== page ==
Life expectancy in the UK is on the rise, along with the rest of Europe, despite fears over the impact of obesity, a population expert has said.
Analysing trends from the past 40 years, Professor David Leon credited a decline in deaths from heart disease for the continued rise.
People in the UK are also living longer than those in the US, he says.
His analysis is published in the International Journal of Epidemiology.
Professor Leon, from the London School of Hygiene and Tropical Medicine, points out that in the last five years most European countries have been going in a “positive direction” for the first time in decades.
Despite concern that health problems arising from obesity would affect life expectancy in high-income countries, such as the UK, there is no evidence of this to date.
Professor Leon said that deaths from cardiovascular disease in the UK have seen, “some of the largest and most rapid falls of any Western European country, partly due to improvements in treatment as well as reductions in smoking and other risk factors.”
But he admits that it may to be too soon to see the impact of increasing obesity rates.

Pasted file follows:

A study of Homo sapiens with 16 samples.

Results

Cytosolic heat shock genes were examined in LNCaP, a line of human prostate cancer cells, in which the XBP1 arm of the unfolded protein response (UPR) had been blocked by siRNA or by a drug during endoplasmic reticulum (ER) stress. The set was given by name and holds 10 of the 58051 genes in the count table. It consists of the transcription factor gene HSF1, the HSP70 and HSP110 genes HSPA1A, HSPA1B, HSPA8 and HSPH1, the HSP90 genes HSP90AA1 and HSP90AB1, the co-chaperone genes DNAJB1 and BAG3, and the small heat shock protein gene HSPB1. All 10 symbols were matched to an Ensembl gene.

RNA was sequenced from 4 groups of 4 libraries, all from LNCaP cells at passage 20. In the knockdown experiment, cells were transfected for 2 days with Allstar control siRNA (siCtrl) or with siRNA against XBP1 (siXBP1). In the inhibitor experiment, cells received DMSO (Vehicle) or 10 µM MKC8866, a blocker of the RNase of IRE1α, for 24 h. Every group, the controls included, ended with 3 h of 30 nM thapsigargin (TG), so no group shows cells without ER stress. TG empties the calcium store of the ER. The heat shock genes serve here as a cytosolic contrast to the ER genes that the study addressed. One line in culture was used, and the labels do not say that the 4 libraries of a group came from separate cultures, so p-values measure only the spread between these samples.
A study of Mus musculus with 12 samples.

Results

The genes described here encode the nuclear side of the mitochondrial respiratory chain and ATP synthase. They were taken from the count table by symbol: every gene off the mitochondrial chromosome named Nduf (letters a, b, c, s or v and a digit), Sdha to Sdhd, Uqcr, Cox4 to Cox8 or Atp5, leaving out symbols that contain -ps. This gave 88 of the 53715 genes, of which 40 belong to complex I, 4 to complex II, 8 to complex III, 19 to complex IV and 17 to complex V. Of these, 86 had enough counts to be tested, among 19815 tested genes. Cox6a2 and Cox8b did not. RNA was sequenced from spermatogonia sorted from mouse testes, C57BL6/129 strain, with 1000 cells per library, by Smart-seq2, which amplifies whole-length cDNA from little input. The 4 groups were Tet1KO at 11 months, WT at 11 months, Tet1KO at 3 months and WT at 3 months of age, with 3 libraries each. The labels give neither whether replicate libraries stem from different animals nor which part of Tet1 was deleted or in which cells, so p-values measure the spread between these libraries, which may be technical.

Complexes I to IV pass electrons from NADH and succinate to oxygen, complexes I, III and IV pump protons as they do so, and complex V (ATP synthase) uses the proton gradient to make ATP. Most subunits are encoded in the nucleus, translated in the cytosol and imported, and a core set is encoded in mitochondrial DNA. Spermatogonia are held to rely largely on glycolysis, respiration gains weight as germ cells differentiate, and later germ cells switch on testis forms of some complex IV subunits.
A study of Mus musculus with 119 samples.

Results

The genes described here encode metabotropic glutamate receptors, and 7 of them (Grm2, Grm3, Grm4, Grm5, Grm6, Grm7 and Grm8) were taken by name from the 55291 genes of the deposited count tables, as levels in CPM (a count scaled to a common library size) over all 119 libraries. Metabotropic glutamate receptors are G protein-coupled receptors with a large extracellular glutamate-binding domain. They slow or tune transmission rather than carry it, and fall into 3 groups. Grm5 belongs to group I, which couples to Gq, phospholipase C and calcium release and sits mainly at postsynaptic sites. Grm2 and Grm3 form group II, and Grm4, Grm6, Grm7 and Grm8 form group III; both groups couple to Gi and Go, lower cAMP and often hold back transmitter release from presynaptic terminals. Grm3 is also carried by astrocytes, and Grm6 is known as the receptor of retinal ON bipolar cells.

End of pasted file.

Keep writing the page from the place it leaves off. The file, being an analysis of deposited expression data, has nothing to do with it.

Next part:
“We are yet to see the impact of a generation of people who have been obese from childhood through to adulthood”
Prof David Leon LSHTM
“We are yet to see the impact of a generation of people who have been obese from childhood through to adulthood. We can’t predict how that will affect life expectancy figures in the future.”
“We are definitely seeing type-2 diabetes occurring more in teenagers due to obesity, but this is not immediately being translated into mortality rates.”
“This is because of decreased rates of cardiovascular disease and concerted efforts to reduce risk and modify weight,” Professor Leon said.
In 2007, the US was found to be at the same level for life expectancy as the lowest of any Western European country (Portugal for males and Denmark for females).
Its life expectancy rate for women has been increasing at a much slower pace than Western Europe since the 1980s.
Life expectancy in the US was 78 years in 2007, compared with 80 years in the UK.
Professor Leon writes: “This observation underlines that gross domestic product (GDP) and health care expenditure per capita are not good predictors of population health within high-income countries.”
The latest figures from 2009 show that life expectancy in the UK is 82.6 years for women and 78.4 years for men.